Best Tips for Sharing Videos

Best Tips for Sharing Videos

By Michelle Hainer

Shooting and posting videos online is super-simple with the advent of Flip cameras, smartphones that do it all, and cloud-based sites like Vimeo and YouTube urging us to broadcast ourselves. But with creative capabilities like these comes a loss of privacy -- if you aren’t careful with how you share your shoots. Before you post your next mini-movie, consider these do’s and don’ts.

Video Sharing Tip No. 1:
Do use video sharing as a way to connect with family.

One of the best things about video is that it allows you to share your favorite moments -- the first time you went skydiving, how you proposed, your baby’s first steps -- with faraway family members. Don’t let privacy concerns stop you from sharing your videos. Just make sure you limit access to your family members when that’s your intention -- especially if you don’t want your kids to be broadcast online.

Video Sharing Tip No. 2:
Do understand a site’s privacy settings -- and use them.

YouTube allows you to post unlisted videos that are accessible only to people you give the link to. You can also post private videos. (Only you and up to 50 other invited users can view the video.) Facebook allows you to choose who sees the videos you add to your profile page. For specifics on each video site you’re considering using, be sure to read the privacy policy before you click “Upload.”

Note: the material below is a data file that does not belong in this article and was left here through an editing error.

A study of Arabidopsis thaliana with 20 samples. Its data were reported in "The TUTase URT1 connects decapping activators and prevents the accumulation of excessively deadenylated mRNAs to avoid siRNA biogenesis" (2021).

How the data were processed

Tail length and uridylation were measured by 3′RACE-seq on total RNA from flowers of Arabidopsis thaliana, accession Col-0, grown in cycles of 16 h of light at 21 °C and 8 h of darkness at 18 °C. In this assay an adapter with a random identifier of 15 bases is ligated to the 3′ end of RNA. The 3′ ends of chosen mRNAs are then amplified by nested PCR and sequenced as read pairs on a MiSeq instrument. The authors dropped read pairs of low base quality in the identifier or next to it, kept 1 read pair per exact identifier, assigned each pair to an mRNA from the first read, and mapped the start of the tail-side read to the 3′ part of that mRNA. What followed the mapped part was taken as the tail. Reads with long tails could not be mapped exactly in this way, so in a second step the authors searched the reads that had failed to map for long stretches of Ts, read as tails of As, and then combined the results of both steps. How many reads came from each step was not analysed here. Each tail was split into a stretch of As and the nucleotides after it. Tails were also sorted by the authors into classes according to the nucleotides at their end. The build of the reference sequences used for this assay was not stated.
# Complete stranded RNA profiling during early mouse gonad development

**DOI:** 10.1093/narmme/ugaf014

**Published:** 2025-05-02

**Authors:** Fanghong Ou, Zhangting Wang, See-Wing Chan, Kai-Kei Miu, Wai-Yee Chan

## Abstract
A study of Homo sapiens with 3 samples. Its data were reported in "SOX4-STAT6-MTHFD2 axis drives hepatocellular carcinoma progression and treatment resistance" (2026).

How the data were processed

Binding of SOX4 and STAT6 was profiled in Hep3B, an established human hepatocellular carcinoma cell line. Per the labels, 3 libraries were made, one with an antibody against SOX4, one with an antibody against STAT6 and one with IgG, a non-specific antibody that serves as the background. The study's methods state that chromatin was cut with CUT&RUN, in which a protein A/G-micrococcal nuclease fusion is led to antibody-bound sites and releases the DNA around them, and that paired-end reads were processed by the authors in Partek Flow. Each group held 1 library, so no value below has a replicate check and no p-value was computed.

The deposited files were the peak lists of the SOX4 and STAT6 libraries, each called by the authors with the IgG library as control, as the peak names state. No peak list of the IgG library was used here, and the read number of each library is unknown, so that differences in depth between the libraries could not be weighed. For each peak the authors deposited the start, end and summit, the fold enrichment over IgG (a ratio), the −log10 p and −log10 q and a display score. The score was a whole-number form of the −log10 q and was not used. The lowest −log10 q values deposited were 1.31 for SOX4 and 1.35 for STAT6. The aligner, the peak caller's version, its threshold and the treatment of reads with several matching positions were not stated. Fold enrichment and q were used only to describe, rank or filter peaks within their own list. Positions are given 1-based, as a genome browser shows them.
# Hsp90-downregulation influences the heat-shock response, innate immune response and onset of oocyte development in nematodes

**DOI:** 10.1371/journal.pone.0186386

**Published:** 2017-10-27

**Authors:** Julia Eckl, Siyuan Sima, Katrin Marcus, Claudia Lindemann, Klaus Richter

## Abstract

Video Sharing Tip No. 3:
Don’t post anything you wouldn’t want your employer to see.

Remember, once you post something online, it will most likely stay there forever. What was funny at 22 -- your ability to do endless keg stands, for example -- probably won’t be when you’re 35 and your current or potential employer comes across it.

Video Sharing Tip No. 4:
Don’t accidentally reveal personal information.

Make sure that when you shoot video of your home, kids or outings, you don’t inadvertently reveal information that can help strangers track you down. Always review videos before posting them to make sure personally identifiable information that can put your family or privacy at risk (e.g., your address or kid’s school name on clothing) has stayed off film.